Wichita State University


"Everybody was pretty positive," recalled Phillips, who transferred from Vanderbilt University. "They wanted to get better and work hard.

"But, you know, nobody talked about it. They really just didn't talk about it at all."

Stephan Bisaha / KMUW

Former Wichita State University President Jay Golden agreed to limit his presence on campus, move out of his in-campus house by Sunday and stay on the university payroll.

That’s according to a letter the Kansas Board of Regents sent to Jay Golden outlining some of the terms for his resignation. KMUW received the letter Wednesday from the Regents.

Stephan Bisaha / KMUW/File photo

Wichita State University President Jay Golden has resigned, according to a statement by the Kansas Board of Regents released Friday.

“We are appreciative of his hard work and dedication to the university and are grateful for his commitment to serving students,” Regents Chair Bill Feuerborn said in the statement. “We wish him well in all his future endeavors.”

Wichita State has prohibited professors from notifying their students if a classmate has tested positive for COVID-19 and may have unwittingly exposed fellow students.

Celia Llopis-Jepsen / Kansas News Service

WICHITA, Kansas — Some students at public universities in Kansas have, or will yet get, the coronavirus.

Football players training over the summer have tested positive. A frat house in Manhattan has an outbreak. And some dorm students elsewhere in the state have gone from just-unpacked to quarantined.

Schools spent the summer preparing. Desks have been moved six feet apart. In-person classes are getting cut back. Masks must be worn.

The Range | Aug. 14, 2020

Aug 14, 2020
Beth Golay / KMUW

In her job as an investigator for the federal public defenders office in Wichita, Cecilia Wood was given an assignment: explore how her clients' lives are affected by their dependence on the Wichita transit system.

Her approach? Give up her car for a year and learn to rely on the bus.

"To understand what [our clients] go through with the transportation system is huge," she says. "I've had a car my entire life."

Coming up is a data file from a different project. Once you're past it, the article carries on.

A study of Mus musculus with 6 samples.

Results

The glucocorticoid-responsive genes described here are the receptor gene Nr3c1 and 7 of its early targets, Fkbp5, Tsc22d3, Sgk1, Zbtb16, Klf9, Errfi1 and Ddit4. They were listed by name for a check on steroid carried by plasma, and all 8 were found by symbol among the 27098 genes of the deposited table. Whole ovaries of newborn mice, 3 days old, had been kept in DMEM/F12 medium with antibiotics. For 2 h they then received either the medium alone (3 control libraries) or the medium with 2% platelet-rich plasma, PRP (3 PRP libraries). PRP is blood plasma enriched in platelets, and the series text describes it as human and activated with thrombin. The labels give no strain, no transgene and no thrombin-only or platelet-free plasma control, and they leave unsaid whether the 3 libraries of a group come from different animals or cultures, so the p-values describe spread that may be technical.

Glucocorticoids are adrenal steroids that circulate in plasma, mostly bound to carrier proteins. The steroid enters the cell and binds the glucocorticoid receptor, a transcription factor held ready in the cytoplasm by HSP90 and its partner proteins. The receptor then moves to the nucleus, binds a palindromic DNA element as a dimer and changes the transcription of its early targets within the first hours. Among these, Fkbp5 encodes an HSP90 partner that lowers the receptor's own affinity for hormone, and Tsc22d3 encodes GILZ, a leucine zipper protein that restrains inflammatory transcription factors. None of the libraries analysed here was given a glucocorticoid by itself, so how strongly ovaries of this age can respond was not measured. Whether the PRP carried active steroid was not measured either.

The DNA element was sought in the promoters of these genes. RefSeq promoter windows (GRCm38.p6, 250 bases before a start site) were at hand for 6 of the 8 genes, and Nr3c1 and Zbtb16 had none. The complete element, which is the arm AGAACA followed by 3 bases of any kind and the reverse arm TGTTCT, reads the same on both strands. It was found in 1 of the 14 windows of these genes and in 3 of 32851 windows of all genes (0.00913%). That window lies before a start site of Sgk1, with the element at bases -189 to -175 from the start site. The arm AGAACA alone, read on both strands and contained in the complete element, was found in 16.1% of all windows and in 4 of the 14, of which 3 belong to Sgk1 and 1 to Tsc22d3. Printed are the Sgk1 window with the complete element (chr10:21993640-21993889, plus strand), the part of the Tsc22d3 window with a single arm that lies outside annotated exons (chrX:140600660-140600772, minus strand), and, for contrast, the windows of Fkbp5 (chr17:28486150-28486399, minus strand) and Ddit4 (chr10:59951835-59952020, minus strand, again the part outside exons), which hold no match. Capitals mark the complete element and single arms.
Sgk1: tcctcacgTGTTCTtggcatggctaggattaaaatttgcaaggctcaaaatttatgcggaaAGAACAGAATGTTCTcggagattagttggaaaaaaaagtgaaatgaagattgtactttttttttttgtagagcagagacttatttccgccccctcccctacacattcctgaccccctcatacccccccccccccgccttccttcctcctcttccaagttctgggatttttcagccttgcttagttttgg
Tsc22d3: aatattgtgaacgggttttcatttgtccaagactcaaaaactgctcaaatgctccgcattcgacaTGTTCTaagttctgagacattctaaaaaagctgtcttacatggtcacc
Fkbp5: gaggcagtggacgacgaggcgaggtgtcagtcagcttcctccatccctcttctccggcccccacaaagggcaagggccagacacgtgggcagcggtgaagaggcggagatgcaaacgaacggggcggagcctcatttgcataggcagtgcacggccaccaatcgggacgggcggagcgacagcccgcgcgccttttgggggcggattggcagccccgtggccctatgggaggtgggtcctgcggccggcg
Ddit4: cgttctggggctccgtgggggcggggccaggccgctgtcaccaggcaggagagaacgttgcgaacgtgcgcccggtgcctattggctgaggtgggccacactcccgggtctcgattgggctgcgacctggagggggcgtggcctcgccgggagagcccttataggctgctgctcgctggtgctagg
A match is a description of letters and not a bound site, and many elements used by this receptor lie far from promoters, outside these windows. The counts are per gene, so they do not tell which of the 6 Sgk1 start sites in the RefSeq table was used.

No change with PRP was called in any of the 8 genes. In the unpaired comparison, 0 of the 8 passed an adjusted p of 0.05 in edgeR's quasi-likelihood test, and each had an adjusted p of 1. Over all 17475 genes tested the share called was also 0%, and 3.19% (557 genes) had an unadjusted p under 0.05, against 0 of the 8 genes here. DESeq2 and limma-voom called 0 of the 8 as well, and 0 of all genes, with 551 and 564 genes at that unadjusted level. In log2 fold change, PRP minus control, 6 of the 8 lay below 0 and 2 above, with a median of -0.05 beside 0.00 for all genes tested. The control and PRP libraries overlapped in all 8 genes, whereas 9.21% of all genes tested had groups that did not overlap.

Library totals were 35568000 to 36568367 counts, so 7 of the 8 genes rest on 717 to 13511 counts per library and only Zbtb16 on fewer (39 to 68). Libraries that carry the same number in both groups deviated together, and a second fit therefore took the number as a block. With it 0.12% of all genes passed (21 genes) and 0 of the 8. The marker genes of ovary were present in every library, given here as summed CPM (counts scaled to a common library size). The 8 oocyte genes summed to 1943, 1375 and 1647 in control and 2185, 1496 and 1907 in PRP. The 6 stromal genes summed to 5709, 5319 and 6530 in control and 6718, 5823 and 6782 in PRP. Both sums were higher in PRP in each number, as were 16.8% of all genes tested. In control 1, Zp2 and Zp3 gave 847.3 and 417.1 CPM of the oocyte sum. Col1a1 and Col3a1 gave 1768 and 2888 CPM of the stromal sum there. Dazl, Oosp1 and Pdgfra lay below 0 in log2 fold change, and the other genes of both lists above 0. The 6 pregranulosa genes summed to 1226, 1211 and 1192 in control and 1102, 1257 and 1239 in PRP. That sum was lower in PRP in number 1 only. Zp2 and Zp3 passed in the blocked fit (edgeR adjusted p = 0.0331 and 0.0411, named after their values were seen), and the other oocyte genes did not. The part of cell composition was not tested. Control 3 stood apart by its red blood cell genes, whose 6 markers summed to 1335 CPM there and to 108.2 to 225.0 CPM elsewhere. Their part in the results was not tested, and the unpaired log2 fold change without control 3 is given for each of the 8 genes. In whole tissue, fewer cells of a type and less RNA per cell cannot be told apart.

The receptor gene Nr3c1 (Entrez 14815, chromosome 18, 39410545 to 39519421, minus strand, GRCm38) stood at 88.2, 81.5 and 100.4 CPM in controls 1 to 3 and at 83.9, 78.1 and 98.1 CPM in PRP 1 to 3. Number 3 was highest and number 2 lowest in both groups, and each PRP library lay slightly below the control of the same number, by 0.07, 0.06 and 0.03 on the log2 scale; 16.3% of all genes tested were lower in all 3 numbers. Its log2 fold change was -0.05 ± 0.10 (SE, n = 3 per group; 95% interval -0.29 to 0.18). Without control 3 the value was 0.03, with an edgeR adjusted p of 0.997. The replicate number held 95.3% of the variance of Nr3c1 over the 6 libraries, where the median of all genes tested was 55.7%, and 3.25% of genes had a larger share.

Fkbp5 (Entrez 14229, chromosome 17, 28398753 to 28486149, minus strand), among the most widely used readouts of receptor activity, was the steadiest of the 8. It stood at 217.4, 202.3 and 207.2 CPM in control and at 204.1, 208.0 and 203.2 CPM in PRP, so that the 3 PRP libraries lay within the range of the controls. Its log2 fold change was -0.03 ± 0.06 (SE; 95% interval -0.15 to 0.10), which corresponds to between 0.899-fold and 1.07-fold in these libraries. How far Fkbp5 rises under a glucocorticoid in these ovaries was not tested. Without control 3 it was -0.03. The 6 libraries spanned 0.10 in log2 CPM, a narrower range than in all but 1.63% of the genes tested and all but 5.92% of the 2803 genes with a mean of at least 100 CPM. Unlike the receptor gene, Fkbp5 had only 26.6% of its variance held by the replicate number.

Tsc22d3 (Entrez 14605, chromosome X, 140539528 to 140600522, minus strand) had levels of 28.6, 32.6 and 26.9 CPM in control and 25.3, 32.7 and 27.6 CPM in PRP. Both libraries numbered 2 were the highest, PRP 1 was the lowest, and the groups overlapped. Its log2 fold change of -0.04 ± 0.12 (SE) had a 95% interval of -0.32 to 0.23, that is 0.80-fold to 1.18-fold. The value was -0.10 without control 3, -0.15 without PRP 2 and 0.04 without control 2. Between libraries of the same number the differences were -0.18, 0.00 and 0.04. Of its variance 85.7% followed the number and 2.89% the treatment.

Stephan Bisaha / KMUW

Jay Golden started 2020 with a new job as president of Wichita State University.

Three months later he announced the school was going remote-only because of the cornavirus. 

Since then, classes have been entirely online and educators worried students wouldn't want to enroll in college during a pandemic. But Golden says more students have signed up than last year. They're moving into the dorms and getting ready for in-person classes to start again on Monday. 

Kylie Cameron

Wichita State is set to receive about $8.2 million in federal aid as reimbursement for its efforts to limit the spread of the coronavirus on campus.

As state universities prepare to start their fall semesters, the Kansas Board of Regents on Thursday approved two relief packages meant to curb the costs that come with additional safety measures. Fall classes will begin at WSU on Monday, with all courses either online or in a hybrid format — meaning partially online and partially in-person.

Wichita State Cancels Fall Study Abroad Program

Jul 10, 2020
Courtesy photo

Sarrah Thornburg couldn’t wait to go to Pau, France, this fall.

As an international business major at Wichita State University, she is required to study abroad in order to graduate.

Thornburg was excited for the change in scenery and the weekend trips she’d take to Spain. That was before COVID-19 upended her schedule, and WSU was forced to cancel its study abroad programs.

Nomin Ujiyediin / Kansas News Service file photo

WICHITA, Kansas — Gone are the days of sneaking late into a crowded lecture hall. Reading college students' disapproving faces won't be easy. And Thanksgiving is the new Christmas.

There’ll be a lot of adjustments this fall for students and professors at Kansas’ universities, institutions that have been finalizing plans for how they’ll keep everyone safe from the coronavirus when in-person instruction returns.